World Class Baseball


Review by Matt Paprocki



Graphics: 6

Sound: 5

Gameplay: 5

Overall: 5

There are reasons why video sports games are better than the real thing. Players don't strike, you're in control, you can fire whomever you want, no steroids, etc. Of course then there are some games that just make you yearn for the real thing. "World Class Baseball" really doesn't do anything different than the games that came before (and in some cases does even less), but it is a tolerable sim that still remains playable, just maybe not that entertaining.

This is the standard style of baseball games from the era. Pitching is only a matter of pressing down or up before the throw and batting only requires the press of a button. Fielding causes some problems, mostly because of a viewpoint set directly overhead. During a high pop fly, it's impossible to see the fielders because the ball gets bigger as it comes "closer" to the screen. Add in a distracting shadow and you'll see a lot of players step on home plate when they shouldn't have.

If it becomes too much a problem, you can always call some players up from the minors or re-arrange the roster from the main menu. None of these changes will stay in place when the power is turned off, so make sure adjustments are made before every game. The new group of players can take on exhibition, 2-player versus, and a password based pennant race. The codes are mercifully short, though the trade off is that no stats are saved.

Other problems, particularly the AI, hurt this one as well. The computer is clueless on rundowns. I've even managed to have a player on second off the base on a caught fly ball and the opposing team did nothing, not even a throw to the base or a tag. The ball seems to travel awfully slow through the air making what should be a sure double play a disaster.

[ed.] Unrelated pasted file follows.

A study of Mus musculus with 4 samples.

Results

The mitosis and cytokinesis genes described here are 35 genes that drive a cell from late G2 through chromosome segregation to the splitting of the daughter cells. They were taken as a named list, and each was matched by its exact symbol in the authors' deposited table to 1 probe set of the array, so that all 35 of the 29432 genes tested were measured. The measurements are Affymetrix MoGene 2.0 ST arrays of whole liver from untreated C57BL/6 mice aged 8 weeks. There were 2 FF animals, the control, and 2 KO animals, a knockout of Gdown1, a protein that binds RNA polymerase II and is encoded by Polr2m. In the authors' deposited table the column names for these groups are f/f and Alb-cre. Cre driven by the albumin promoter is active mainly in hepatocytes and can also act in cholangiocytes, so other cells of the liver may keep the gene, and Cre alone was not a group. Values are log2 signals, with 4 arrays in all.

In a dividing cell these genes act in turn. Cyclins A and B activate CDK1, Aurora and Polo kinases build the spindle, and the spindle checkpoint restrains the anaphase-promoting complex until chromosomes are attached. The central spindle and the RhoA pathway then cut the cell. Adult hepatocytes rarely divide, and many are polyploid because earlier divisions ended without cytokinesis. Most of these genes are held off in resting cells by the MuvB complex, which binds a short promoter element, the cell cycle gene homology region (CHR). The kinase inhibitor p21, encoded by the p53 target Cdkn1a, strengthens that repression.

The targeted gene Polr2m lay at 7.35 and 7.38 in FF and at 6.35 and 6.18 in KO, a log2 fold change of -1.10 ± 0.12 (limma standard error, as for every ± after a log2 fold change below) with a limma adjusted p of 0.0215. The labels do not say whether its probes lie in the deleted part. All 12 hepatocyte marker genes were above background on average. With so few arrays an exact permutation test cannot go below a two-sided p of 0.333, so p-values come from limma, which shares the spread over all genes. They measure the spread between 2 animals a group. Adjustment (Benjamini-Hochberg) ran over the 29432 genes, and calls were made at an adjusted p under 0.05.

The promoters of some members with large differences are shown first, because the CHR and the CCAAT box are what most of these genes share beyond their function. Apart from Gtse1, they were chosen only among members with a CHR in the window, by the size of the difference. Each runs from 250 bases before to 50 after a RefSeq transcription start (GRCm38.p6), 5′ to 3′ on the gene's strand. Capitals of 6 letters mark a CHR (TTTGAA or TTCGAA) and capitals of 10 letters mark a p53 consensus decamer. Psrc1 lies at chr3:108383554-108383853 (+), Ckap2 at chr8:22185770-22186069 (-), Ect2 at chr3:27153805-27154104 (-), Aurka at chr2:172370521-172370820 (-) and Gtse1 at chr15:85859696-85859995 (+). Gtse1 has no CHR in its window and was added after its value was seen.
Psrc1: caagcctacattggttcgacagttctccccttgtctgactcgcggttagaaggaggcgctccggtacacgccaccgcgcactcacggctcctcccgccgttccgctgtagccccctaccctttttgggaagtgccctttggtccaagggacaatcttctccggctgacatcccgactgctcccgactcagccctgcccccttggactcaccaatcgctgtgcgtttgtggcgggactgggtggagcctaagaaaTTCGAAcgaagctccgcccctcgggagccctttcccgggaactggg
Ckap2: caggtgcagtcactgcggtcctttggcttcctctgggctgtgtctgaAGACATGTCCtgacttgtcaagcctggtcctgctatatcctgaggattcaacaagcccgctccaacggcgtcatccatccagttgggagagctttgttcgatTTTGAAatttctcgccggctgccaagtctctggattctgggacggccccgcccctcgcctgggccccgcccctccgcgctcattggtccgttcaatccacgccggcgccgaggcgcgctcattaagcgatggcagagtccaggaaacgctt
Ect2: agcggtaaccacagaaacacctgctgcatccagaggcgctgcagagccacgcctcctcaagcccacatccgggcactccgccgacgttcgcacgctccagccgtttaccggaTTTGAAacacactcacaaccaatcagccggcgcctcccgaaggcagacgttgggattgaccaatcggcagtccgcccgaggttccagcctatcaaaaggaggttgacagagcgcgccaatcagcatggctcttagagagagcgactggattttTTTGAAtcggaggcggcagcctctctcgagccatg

Presented from the typical behind-the-batter viewpoint, most of the graphics are unspectacular. The swing animation is probably the highlight. From the overhead view, fielders look like black dots with white shoulders. Music drowns out most of the effects and can be catchy, though occasionally repetitive. It changes when a runner sits on second, but you're stuck with the same track for most of the game. A few terribly garbled voice samples are present too.

You could a lot worse than especially considering some of the other sports games on the Turbo. Without any type of a license or major gameplay quirk, this game is no better than just about every other baseball game on the market and it certainly hasn't aged well. Still, is does make for a decent little portable game if you own a Turbo Express, but that's about the only reason to spend some time with it.